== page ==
Just about every scene in “Ghost in the Shell” is a visual wonder to behold — and you’ll have ample time to soak in all that background eye candy, because the plot machinations and the action in the foreground are largely of the ho-hum retread variety.
This is the kind of movie where the villain tells the heroine, “We are the same,” and of course the heroine says they’re not alike, not at all. How many times have you heard that particular bit of repartee?
To be sure, director Rupert Sanders (“Snow White and the Huntsman”) delivers a beautiful film, from the “Blade Runner”-esque overhead shots of an unnamed Asian city of the future, to the colorfully appointed characters lurking in nearly every rain-soaked corner, to the holographic creations dominating the landscape, to some jaw-dropping POV angles, to some fantastically crazy human-robot melding reminiscent of the HBO series “Westworld.”
In one fleeting shot, a main character is riding in the back of a car with an assistant, who is typing away on a laptop. The assistant has about 15 mechanical fingers jutting out from each wrist. She would be an AMAZING court reporter.
Based on the manga series by Masumune Shirow as well as Mamoru Oshii’s beloved 1995 Japanimation, this version of “Ghost in the Shell” generated loads of controversy before it generated dollar one at the box office, due to the casting of Scarlett Johansson as the title character, who of course was Japanese in the source materials.
Here’s the thing, though, and this is a SPOILER moment only if you want to know absolutely nothing about the premise of this franchise:
The character of Major has a completely synthetic outer shell, from head to toe. Her brain, her soul, her “ghost” are intact inside that shell — but when we see Major, we’re seeing a robot exterior encasing the mind and the brain and the memories of a human being who might or might not be of Asian descent. Perhaps the Caucasian forces behind Major’s transformation have made her a Caucasian because they believe that’s what a super soldier should look like. Perhaps this movie is making a social and political statement.
Or maybe the backers just wanted Scarlett Johansson in the lead because she’s the most bankable female star in the world — the only woman in the worldwide Top 10 in recent rankings.
My favorite performances by Johansson are in smaller, quirkier films such as “Lost as Translation” and “Match Point” and “Under the Skin,” but she has become a huge action star thanks to the “Avengers” movies and “Lucy,” and she’s in full badass mode here.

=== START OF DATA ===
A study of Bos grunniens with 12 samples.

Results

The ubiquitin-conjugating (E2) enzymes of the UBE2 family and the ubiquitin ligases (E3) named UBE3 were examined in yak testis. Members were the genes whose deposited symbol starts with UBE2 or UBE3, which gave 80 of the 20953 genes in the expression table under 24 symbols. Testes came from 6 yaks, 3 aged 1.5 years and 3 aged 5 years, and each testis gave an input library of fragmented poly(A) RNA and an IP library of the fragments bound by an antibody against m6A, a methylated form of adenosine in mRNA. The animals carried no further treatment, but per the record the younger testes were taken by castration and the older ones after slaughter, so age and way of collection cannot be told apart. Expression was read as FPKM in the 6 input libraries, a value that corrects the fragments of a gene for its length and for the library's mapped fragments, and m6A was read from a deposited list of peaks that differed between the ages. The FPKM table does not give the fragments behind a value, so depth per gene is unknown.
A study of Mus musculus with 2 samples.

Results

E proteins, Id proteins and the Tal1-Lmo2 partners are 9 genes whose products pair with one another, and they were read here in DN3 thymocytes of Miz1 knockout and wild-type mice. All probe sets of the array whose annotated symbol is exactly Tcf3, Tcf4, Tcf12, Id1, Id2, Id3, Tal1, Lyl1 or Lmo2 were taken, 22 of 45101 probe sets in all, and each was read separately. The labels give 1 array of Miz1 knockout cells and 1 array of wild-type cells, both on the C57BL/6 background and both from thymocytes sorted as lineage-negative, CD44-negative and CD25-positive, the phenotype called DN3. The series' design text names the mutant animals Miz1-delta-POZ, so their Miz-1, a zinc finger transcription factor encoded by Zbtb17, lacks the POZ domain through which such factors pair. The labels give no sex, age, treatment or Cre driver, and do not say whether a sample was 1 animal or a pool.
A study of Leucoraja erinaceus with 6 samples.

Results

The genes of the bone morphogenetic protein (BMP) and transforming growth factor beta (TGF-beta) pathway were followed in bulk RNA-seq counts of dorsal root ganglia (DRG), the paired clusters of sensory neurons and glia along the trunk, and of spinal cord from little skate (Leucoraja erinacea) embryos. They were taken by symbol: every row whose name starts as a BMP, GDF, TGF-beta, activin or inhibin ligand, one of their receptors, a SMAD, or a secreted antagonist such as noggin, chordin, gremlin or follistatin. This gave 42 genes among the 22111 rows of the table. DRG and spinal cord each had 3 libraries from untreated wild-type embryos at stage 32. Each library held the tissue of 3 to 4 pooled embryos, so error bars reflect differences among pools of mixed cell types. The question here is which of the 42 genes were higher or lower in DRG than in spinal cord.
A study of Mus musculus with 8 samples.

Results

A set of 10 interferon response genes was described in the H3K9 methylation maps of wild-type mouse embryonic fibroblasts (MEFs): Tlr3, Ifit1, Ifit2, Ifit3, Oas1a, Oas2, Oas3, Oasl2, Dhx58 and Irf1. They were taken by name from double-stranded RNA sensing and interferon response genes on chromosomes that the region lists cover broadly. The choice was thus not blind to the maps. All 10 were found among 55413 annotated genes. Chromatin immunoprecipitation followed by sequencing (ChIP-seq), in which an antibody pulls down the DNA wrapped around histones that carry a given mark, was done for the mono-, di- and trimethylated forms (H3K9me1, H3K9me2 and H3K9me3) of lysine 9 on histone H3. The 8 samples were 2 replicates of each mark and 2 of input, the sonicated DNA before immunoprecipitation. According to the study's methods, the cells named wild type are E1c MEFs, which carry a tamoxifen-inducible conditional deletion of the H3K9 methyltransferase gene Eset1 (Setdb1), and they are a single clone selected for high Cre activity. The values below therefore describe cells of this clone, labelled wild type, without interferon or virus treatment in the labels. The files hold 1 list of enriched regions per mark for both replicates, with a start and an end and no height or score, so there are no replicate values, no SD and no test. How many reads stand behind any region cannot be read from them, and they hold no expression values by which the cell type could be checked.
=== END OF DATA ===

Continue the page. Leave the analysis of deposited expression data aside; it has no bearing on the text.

In the effective and intriguing opening sequences, we learn Major’s backstory. After a terrorist attack left Major’s parents dead and broke her body beyond repair, she’s chosen for an experimental counter-terrorism program funded by the all-powerful Hanka Corp., in which her brain is lifted into a virtually un-killable cyborg body.
Cue the action sequences, which are filled with “Matrix”-like slo-mo, a seemingly endless variety of shots featuring broken glass or shimmering, splashing waves of water and some wonderfully chilling scenes of enhanced humans losing their technologically advanced eyes or limbs.
Major and her take-no-prisoners, fiercely loyal partner Batou (Pilou Asbaek, who co-starred with Johansson in “Lucy”), are on the hunt for a hacker-villain named Kuze (Michael Pitt), who has been systematically eliminating the doctors and scientists that helped create Major — and has the ability to get inside Major’s mind.
Juliette Binoche, looking as if she wandered onto the set of “Ghost in the Shell” from a classy French romantic comedy and isn’t sure why she’s even there, plays Major’s supervisor and mother figure, who is torn between the quest for scientific breakthrough and her genuine affection for Major. Peter Ferdinando as the cruel and nefarious leader of the Hanka Corp. does a serviceable job playing a forgettable villain. Takeshi Kitano, playing a security chief who dares stand up to Hanka, casually owns every scene he’s in.
“Ghost in the Shell” loses its footing in later sequences, as Major discovers the real truth about her origins and acts accordingly. We see that coming a mile away.
The last few minutes of the film are the least inspired, most clichéd, least creative moments of the entire journey.
Paramount Pictures and Dreamworks Pictures present a film directed by Rupert Sanders and written by Jamie Moss, William Wheeler and Ehren Kruger, based on the comics by Masamune Shirow. Running time: 106 minutes. Opens Friday at local theaters.